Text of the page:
The Minotaur is the best reason to see The Minotaur, Anna Ziegler’s arch update of the Greek myth of the (literally) bullheaded bastard who lived in a labyrinth. In the second half of a “joint world premiere” from Rorschach Theatre and Atlanta’s Synchronicity Theatre, the play feels like it wants to push its self-referential ruminations on the purpose of stories and characters and prophecies and legends further, or at least make them funnier, than it ultimately manages. (Which is not to say Ziegler’s jokes about Facebook or the New York Times weddings page are not funny.) But in David Zimmerman’s bearded, fuming, matter-of-fact beast, director Randy Baker has found a creature magnetic enough to rivet even when he’s merely stalking the perimeter of the in-the-round performance space while less electrifying characters talk about how (and in this existential gloss, why) to kill him.
These are the Minotaur’s half-sister, Princess Ariadne (an emoticon-using tween, here) and Theseus, whom you may recall volunteered to be one of the seven men left (along with seven women) to their fate in the maze, pledging to slay the beast rather than allow himself to be eaten. Ariadne has visitation privileges (and possibly sexual-boundary issues) with her half-brother in the labyrinth, where their endless, one-sided games of Connect Four fail to soothe him, though they seem to be good therapy for Ariadne. “I am not in touch with my primal self!” she laments. “I get manicures! My own menstruation disgusts me!” The petite Sara Dabney Tisdale brings a fun ease to Ariadne’s continuous pivot between sunny self-deception and brutal self-insight—you know, adolescence.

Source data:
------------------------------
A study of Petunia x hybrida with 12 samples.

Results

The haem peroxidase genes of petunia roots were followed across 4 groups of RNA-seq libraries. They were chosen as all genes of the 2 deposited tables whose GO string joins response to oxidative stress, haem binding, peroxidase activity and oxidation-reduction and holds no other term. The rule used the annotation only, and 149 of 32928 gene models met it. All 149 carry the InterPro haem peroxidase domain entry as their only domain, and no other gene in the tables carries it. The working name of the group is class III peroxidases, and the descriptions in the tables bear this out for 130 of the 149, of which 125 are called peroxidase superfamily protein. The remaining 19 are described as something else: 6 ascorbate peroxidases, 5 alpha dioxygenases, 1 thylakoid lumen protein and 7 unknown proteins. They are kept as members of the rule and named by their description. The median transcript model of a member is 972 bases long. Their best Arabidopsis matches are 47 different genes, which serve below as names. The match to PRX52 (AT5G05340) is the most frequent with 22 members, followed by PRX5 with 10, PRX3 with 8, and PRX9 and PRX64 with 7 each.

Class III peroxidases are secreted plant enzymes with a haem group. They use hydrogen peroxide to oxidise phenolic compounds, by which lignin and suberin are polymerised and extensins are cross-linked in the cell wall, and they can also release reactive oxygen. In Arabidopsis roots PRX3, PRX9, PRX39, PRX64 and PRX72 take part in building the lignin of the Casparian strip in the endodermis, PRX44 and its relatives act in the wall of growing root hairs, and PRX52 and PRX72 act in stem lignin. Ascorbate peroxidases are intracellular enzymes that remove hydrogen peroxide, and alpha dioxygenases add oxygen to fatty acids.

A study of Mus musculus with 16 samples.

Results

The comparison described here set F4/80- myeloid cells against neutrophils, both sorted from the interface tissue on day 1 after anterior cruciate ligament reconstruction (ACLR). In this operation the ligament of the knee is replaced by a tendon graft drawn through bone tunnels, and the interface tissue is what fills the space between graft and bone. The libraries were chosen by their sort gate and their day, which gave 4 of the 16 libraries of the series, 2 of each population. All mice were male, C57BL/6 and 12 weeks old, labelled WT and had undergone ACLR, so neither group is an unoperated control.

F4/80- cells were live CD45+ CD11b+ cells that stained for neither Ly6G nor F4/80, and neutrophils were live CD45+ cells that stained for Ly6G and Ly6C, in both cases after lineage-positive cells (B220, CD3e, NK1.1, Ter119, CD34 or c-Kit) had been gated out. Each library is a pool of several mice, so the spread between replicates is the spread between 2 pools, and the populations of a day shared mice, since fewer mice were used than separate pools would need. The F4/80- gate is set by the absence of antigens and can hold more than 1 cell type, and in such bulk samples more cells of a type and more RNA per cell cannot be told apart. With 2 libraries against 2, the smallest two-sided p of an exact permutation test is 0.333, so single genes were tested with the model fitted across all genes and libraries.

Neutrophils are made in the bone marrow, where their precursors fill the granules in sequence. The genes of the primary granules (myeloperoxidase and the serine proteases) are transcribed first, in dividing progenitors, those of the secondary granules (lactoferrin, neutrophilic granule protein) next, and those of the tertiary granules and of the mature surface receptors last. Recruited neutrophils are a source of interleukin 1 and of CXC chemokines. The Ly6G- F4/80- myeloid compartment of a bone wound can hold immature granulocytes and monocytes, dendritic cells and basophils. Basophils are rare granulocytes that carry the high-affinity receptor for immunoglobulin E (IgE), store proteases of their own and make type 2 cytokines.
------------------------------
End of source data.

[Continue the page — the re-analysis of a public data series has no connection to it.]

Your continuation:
Set designer David C. Ghatan has webbed up one of the Atlas complex’s two smallish “lab” spaces with a lattice of string low enough to pluck with your finger, representing the ball of yarn a lovestruck Ariadne gives to Theseus so he’ll be able to retrace his steps once his grim deed is done. That it’s impossible to tell where the supposedly single string starts or stops might be the show’s most eloquent postmodern touch.
Theseus’ unquestioning embrace of his heroic destiny comes in for some wry interrogation here. The compact, athletic Josh Sticklin has shown himself to be a utility player before (particularly in Irish playwright Rosemary Jenkinson’s single-actor plays), but his Theseus is pitched as a swaggering dope little burdened by self-awareness—he’s more disquieted by the possibility of a monogamous future with Ariadne than by the prospect of taking a life. “I didn’t think you’d be able to talk!” he tells the Minotaur. “In this version, I am,” his quarry answers coolly. Theseus is roundly outmatched, but the Minotaur falls because that’s the way we need for the story to go. We’re happiest when Zimmerman & Co. try to stave off the inevitable as long as possible.